Trump rallies and photographer rights

By now, you have most likely heard about or seen the Time photographer who was chokeslammed by the Secret Service agent at the Donald Trump rally at Radford University on Monday.

Time Photographer Chris Morris allegedly stepped 18 inches outside of the press barrier to take photos of the protestors who were interrupting the rally. What allegedly happened was that the agent then told him to step back, Morris said “F*ck you,” and the agent then chokeslammed him to the ground. Morris instinctively kicked him in the chest to get the agent off and was then dragged out of the venue by security guards and police. All of this happened while the crowd cheered and yelled at him.

Who is at fault here is not necessarily the issue. Both of the parties involved clearly broke some rules.

The issue that I want to address is that there are press restrictions that are in place during some political rallies recently, specifically ones for Hillary Clinton and Donald Trump, that go against the First Amendment.

According to Michael Calderone, senior media reporter at The Huffington Post, Donald Trump has been “keeping [credentialed journalists] in a press pen … even apparently after the event ended … and requiring them to have an escort when going to the bathroom.”

The reason they do this is because many presidential campaigns have become tightly scripted ventures. Advisors do not want people to get the wrong impression of the candidates, which is much more likely to happen behind the scenes rather than behind a podium.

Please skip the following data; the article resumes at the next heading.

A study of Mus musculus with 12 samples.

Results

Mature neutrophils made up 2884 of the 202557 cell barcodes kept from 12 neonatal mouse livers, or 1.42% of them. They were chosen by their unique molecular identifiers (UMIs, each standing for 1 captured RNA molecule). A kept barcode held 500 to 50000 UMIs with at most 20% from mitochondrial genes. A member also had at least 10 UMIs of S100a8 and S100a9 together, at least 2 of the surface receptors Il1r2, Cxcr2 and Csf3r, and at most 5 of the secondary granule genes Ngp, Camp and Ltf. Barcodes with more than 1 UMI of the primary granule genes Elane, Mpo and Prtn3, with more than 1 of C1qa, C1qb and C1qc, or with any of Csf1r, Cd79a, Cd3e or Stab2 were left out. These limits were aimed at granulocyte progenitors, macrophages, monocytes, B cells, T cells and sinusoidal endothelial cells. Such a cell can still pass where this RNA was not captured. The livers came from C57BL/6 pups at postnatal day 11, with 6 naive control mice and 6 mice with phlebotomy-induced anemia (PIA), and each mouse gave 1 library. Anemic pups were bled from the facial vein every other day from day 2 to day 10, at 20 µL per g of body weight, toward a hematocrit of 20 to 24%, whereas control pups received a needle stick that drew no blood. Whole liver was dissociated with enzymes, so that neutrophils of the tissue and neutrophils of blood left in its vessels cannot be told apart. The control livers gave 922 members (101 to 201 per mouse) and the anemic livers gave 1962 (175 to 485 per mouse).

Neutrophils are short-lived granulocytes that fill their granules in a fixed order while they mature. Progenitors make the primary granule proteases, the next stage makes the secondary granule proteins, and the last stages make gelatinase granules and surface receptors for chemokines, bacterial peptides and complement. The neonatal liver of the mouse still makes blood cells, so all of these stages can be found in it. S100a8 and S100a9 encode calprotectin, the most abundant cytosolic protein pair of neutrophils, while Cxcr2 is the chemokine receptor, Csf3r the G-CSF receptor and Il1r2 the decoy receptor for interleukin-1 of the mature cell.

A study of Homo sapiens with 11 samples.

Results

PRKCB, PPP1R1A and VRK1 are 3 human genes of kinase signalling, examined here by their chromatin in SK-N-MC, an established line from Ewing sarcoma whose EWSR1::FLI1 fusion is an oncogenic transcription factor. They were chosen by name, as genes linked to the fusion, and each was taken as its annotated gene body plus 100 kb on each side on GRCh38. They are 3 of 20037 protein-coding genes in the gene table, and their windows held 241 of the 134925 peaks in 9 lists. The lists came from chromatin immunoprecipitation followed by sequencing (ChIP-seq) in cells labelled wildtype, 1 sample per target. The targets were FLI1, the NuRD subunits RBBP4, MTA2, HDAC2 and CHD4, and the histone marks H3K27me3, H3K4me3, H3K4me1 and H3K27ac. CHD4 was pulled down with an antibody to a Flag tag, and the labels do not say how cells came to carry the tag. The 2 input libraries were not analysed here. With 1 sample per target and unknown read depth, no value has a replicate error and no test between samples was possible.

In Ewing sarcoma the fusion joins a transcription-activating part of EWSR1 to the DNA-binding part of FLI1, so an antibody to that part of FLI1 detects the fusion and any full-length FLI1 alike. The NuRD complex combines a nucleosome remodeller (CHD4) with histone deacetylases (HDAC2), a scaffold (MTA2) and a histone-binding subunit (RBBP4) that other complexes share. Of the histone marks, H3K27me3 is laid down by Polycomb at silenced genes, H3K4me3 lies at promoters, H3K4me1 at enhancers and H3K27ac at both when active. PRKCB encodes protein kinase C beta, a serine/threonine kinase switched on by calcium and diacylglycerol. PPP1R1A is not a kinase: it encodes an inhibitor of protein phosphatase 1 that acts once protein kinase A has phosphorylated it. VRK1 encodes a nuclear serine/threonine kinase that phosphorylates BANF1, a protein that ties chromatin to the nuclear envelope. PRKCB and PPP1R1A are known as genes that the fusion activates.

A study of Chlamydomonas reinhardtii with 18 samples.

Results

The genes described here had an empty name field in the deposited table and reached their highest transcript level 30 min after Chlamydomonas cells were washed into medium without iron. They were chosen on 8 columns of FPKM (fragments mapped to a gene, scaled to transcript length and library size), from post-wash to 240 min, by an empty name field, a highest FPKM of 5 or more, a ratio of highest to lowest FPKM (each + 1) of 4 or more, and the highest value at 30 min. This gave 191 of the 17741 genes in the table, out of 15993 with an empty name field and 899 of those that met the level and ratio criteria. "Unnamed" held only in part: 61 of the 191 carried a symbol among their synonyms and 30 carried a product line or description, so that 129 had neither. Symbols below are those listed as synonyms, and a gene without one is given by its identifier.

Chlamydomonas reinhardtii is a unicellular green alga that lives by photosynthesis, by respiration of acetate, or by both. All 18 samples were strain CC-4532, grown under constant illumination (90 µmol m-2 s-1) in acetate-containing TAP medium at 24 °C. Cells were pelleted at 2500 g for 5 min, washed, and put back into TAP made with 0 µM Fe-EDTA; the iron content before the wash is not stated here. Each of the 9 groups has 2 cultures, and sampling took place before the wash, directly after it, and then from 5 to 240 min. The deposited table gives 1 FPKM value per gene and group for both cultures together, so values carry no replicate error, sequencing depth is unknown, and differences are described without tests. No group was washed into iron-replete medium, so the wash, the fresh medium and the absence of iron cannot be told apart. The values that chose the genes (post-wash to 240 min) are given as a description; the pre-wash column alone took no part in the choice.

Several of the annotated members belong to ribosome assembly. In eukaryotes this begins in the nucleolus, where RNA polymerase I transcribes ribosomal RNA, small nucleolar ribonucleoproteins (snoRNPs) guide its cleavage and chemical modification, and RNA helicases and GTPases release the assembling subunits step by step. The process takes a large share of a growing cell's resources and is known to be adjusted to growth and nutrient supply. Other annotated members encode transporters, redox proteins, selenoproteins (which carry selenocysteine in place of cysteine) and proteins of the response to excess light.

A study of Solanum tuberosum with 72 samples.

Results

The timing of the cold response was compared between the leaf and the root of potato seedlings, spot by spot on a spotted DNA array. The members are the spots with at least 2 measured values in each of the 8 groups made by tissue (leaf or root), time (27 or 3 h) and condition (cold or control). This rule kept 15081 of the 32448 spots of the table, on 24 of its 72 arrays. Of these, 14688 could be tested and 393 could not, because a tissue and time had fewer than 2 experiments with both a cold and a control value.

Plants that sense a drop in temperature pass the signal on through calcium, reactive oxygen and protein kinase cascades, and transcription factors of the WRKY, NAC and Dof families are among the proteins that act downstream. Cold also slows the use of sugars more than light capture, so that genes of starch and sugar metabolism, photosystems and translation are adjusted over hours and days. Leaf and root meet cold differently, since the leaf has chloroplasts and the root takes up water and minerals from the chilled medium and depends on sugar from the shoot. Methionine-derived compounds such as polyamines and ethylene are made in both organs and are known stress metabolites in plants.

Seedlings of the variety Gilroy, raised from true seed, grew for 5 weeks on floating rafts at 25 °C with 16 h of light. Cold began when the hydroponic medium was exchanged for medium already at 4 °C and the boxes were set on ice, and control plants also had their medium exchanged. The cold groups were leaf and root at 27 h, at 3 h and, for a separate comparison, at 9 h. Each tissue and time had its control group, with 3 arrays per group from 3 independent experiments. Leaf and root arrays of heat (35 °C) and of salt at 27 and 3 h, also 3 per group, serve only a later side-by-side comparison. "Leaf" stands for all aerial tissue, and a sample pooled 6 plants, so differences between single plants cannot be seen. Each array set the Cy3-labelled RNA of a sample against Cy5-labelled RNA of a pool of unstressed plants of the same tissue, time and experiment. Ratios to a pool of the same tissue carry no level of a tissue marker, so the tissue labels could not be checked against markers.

According to a press release by the National Photographer’s Association, President Melissa Lyttle said, “If indeed all Mr. Morris was attempting to do was step out of the press pen to photograph a newsworthy event happening at the rear of the room, the agent clearly overreacted.”

The job of a news photographer is to record events truly as they appear and report them honestly to the public. I just don’t understand how that is possible when they are held in a completely separate area, unable to react with and experience the event the same way as regular attendees.

Though what I can understand is that there may be some concerns with privacy and safety as far as letting journalists go behind the scenes at an event that large. Though ideally, press should be able to have at least a bit more access than civilians. Because, of course, they are sharing what most people may not get the ability to see.

Restricting their rights is backwards and, in my opinion, an attack on the press – an attack on our constitutional rights and the First Amendment.